Ernest Price Wellings was born in Manchester in 1896 and was the eighth of 10 children to William Wellings and Elizabeth Price (Jones). William was born in Cross Houses, Shropshire and Elizabeth in Preston Gubbals, Shropshire. They married on 31st August, 1879 at St. Chad’s Church, Shrewsbury.
William was a joiner by trade and found work in Manchester for a while until they moved to Flint in the early 1900s. Soon after the 1911 census he took over the license of the Windmill Tavern (known as the Cake Tavern) in Nant y Flint. Ernest at this time was employed as a grocer’s assistant.
He served overseas and was wounded in the arm at some point, which caused it to wither, and was discharged on 5th February, 1919 “in consequence of his being no longer fit for war service.” He had served 4 years and 44 days and was awarded the Victory Medal and British War Medal.
After he was wounded he dictated a letter to his mother from France dated September 22nd (presumably 1918):
My dear Mother
Just a line hoping it finds you well. I expect by the time you get this letter I shall be in Blighty. The wound is in the right arm that is why I can’t write myself. I am under good care and happy.
Best love to all at home
Your loving son Ernest
Mr Wellings took an interest in local politics and in October, 1920 put his name forward as a Labour councillor in the forthcoming elections, but the result is not known.
Ernest, meanwhile, was sent on a training course by the Ministry of Labour to the Government Instructional Factory, Newtown, Montgomeryshire under the National Scheme for Disabled Men. Sadly, on the 25th June, 1921, he died in a tragic accident.
FLINT EX-SERVICEMAN DROWNED
(County Herald 1st July 1921)
Ernest Wellings, Windmill Tavern, Nant, Flint, was drowned while bathing at Newtown, Mont., on Saturday. Wellings was a trainee as carpenter at the government instructional factory, Newtown. He and a chum named Hayes went bathing in the Severn. Hayes got into the water first and swam down the stream about 30 yards. Finding Wellings struggling in deep water Hayes made frantic efforts to save him but failed. Wellings served four years with the Royal Welsh Fusiliers. The inquest was held on Monday, when Hayes stated that he went into the water first and swam down the river, leaving Wellings on the bank. Shortly after he heard a gurgling sound and turning round saw Wellings struggling in deep water. He swam to him as quickly as he could, and when he got to the spot Wellings had sunk. He dived and took hold of the man’s wrist, and tried to pull him up, but failed. He then dived again and tried to get hold of the man by the body, but he himself was seized in the clutch of the other and had great difficulty in extricating himself. He was quite unable to say how he himself struggled to safety, as he was exhausted, not being a very good swimmer. A verdict of accidental death was returned.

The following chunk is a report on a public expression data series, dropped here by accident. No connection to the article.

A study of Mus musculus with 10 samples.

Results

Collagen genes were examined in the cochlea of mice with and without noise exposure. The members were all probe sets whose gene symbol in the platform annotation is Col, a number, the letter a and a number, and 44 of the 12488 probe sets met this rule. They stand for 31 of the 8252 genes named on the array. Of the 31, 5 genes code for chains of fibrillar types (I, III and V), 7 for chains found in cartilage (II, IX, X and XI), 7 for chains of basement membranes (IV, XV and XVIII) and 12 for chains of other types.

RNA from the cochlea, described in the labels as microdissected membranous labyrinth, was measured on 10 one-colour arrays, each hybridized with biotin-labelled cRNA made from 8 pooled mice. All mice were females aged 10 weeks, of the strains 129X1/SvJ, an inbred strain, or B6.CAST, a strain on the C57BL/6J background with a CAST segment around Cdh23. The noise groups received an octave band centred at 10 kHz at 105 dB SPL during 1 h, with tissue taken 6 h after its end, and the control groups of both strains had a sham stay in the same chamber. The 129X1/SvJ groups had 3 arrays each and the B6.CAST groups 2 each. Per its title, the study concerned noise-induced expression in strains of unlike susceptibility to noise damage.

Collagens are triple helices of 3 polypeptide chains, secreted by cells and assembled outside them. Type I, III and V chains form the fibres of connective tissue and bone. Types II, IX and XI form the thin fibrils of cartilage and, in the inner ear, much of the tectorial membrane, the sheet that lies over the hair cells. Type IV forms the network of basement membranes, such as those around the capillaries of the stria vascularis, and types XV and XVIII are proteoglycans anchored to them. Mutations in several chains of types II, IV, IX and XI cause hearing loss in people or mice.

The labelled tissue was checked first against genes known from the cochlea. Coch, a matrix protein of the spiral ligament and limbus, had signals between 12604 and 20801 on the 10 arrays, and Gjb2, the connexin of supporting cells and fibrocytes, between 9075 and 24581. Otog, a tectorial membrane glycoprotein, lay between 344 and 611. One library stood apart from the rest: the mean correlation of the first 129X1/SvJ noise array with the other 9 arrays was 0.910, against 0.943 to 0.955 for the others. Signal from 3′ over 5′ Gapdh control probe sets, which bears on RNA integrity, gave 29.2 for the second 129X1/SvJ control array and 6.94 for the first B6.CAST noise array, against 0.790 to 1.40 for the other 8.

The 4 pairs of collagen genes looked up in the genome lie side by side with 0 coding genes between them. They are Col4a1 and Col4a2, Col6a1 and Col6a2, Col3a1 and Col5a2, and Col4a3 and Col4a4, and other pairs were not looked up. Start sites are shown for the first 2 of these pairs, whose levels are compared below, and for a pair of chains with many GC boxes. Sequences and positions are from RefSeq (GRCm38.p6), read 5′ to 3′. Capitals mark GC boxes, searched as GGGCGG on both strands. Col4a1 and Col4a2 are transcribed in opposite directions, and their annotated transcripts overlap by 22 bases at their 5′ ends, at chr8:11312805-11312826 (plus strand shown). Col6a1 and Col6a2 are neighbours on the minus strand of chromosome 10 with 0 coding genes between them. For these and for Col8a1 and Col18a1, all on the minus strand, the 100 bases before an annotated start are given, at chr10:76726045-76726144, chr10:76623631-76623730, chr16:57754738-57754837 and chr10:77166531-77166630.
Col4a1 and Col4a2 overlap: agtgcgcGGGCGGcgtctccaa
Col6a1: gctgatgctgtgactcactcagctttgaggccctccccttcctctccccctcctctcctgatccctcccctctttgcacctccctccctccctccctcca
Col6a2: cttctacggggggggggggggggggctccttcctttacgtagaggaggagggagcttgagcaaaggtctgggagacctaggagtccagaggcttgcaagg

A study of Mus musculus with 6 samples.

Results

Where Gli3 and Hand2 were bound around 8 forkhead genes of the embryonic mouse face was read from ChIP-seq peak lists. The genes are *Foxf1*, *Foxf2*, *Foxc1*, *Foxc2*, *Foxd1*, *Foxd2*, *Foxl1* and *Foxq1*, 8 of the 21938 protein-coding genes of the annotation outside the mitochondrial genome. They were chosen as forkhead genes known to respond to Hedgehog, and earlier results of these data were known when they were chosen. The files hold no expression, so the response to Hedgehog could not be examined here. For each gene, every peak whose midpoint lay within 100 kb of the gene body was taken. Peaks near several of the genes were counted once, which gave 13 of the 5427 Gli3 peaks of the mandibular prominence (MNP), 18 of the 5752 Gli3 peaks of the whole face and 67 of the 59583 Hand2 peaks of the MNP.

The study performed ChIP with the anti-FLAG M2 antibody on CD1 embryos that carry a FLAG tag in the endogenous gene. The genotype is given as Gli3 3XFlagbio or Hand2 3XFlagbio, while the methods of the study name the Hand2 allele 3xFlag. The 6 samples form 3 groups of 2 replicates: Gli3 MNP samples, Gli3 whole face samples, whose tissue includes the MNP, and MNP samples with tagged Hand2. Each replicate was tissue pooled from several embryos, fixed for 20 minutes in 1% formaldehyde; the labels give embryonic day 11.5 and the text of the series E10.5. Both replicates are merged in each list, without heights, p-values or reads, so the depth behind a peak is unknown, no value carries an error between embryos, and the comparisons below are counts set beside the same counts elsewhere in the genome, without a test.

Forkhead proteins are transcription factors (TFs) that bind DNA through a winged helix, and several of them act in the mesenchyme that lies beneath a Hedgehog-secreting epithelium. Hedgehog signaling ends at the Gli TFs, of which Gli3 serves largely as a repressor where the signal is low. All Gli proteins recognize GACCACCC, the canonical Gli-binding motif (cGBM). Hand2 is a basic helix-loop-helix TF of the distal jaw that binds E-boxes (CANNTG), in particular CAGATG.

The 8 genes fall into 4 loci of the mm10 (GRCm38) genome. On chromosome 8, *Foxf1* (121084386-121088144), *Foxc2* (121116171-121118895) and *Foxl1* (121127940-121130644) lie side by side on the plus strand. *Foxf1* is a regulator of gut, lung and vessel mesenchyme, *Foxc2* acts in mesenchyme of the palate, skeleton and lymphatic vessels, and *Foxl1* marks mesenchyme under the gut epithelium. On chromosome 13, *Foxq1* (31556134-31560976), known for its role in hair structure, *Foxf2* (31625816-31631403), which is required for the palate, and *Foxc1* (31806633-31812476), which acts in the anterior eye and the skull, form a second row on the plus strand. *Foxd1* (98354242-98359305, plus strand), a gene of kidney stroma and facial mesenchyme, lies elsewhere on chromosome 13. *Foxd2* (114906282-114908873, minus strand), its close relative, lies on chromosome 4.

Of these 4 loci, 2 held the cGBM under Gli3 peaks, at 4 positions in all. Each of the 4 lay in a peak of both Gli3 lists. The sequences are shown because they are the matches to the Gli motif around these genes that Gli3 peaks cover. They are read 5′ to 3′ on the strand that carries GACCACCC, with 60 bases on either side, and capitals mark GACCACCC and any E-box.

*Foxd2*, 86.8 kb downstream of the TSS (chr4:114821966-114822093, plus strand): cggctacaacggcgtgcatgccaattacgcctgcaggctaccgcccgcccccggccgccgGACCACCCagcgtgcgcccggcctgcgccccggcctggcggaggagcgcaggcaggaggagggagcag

His body was returned home, but his family were not allowed to see it, and was buried in Halkyn Churchyard and has a military headstone.
D Felix Davies, manager of the factory, wrote a letter to Mr Wellings dated 5th July:
Dear Mr Wellings
I was very shocked on my return to Newtown to learn of the fatal accident which occurred to your son. After meeting you here on the occasion of your visit as a member of the Local Technical Advisory Committee, I took particular note of his progress. He was one of the best type of men we have had at the Factory and his attitude was in every way an example to all. I need not assure you that I personally feel the deepest sympathy over this tragedy and this sympathy is shared by all connected with the training scheme for this area.
Ernest is not remembered on any war memorial however, he is commemorated by the Commonwealth War Graves Commission.